Safeguarding Public Resources

In Canada, 89 per cent of the land base is publicly owned. This gives governments a tremendous opportunity to manage our natural resources for sound ecological purposes and the public good. The Wilderness Committee works to protect public lands from inappropriate industrial development. From stopping old-growth logging, dams or harmful mining projects, our campaigns focus on sustainable management of Canada's natural public resources and a fundamental respect for Aboriginal title and rights.


BC Forestry

Two-thirds of BC’s land base – 60 million hectares – is covered in trees. Only about 22 million hectares of this vast forest was ever suitable for logging, and much of this has already been logged.

These logged forests once harboured the biggest trees and the best wildlife habitat in BC. Now, big stumps mark where the great giants once stood tall.

BC Mining
The Wilderness Committee has tackled contentious mining issues since our beginnings back in the 1980s. We have been part of successful campaigns to protect northwest BC's magnificant Tatshenshini River from the proposed Windy Craggy open-pit copper mine and to protect Fish Lake on the Chilcotin Plateau from the proposed New Prosperity open-pit gold and copper mine. But in August 2014, when news broke of the massive tailings dam failure at Imperial Metals’ Mount Polley gold and copper mine in British Columbia’s Cariboo country, the ground shifted – shaking public confidence in mining industry promises to protect the environment.

BC's Rivers at Risk

Rainbow, Burnt Bridge, Chipmunk, Tzoonie, Volcano and Statlu are not just colourful names - they are some of the many wild creeks and rivers found throughout British Columbia. They are also just a few of the over 700 water bodies that have been staked by private power corporations over the last seven years in BC.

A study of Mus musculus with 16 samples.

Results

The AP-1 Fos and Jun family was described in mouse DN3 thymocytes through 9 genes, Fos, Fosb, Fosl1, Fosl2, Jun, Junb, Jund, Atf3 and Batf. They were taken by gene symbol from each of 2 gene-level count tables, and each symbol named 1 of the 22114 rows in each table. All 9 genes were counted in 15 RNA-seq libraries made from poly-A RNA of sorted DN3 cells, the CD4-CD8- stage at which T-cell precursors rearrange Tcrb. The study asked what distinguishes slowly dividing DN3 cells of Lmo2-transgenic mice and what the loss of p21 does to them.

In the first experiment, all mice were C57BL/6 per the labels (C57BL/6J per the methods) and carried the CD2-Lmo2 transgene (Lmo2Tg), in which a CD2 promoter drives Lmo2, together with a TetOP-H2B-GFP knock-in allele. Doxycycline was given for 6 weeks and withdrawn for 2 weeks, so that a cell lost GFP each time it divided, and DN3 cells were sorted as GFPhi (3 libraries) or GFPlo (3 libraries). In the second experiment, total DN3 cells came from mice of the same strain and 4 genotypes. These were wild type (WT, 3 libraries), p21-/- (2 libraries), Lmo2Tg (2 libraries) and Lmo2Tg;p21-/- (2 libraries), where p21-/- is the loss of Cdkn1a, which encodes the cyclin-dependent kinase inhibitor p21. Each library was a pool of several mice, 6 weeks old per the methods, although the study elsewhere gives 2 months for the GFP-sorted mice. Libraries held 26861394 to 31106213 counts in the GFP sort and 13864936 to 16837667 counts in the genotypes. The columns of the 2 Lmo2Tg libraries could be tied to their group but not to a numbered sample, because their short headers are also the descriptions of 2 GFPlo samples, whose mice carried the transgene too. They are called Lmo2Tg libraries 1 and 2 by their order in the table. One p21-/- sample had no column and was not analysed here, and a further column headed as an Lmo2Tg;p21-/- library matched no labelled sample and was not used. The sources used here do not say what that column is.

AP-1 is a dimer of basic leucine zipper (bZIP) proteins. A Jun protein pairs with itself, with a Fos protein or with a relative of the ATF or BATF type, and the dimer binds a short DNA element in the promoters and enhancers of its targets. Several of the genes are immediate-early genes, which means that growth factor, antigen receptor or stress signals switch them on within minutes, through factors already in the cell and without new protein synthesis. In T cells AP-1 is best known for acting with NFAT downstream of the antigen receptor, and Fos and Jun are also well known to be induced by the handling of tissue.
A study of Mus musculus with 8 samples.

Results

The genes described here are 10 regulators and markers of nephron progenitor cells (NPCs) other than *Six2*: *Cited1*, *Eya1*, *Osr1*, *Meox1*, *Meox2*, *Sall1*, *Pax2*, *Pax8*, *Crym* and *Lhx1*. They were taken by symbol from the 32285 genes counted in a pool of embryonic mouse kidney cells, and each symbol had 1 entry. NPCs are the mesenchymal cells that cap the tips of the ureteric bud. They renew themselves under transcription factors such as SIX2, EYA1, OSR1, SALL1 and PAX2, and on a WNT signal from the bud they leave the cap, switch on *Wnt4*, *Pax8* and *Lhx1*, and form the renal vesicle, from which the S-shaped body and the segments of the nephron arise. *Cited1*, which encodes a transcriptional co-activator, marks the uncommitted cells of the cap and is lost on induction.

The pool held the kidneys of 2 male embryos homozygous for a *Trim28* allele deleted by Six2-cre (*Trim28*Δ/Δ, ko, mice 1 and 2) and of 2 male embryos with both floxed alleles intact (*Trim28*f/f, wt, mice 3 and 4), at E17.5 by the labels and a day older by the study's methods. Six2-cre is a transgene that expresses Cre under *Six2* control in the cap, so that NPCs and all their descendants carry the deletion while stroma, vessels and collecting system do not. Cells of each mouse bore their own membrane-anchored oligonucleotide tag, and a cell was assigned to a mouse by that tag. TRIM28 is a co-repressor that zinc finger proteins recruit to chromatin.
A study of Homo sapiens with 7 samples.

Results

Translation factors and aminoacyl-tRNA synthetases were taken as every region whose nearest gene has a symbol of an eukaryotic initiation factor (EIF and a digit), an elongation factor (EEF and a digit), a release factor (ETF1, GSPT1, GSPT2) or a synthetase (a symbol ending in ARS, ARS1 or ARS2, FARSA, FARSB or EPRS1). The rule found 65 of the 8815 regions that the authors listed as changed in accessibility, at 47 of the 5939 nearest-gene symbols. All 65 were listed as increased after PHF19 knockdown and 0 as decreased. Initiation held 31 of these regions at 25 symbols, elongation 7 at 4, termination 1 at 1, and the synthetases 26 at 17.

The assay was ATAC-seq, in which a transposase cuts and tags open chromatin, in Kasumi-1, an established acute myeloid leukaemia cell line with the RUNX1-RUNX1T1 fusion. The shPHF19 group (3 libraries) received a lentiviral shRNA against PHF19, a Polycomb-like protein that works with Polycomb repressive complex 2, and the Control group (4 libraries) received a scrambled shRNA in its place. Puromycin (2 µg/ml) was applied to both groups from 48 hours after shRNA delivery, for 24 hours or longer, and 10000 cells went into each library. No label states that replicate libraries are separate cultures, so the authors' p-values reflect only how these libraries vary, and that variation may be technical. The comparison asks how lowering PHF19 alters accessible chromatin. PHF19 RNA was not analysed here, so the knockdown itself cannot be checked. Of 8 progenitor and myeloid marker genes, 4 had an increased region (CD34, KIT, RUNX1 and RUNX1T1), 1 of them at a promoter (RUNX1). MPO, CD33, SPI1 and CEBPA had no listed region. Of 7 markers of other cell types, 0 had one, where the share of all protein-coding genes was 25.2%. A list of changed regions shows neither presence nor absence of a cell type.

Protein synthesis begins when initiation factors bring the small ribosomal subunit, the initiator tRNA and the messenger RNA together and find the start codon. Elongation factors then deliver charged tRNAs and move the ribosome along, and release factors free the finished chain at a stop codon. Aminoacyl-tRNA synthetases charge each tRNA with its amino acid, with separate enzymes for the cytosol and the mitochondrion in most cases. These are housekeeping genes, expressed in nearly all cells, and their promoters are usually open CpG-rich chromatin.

Peat Mining in Manitoba

Canadians are increasingly aware of the severe environmental issues associated with peat. For centuries peat was used as a source of fuel, and in modern times it is commonly used as a growing medium in amateur gardening. Unfortunately, peat mining is an incredibly destructive and unnecessary industry.

Stop Old-Growth Logging

British Columbia, Canada is home to some of the Earth's most spectacular, ancient temperate forests, including the world's largest Douglas-fir tree (the Red Creek Fir) and second-largest western red cedar tree (the Cheewhat Cedar).

Stop the Site C Dam

Nestled in the northeast corner of British Columbia, the Peace River Valley is home to Treaty 8 First Nations’ hunting, fishing, and trapping grounds, fertile agricultural lands and farms, old growth boreal forests, and is one of the most important wildlife corridors in the Yellowstone to Yukon migration corridor chain.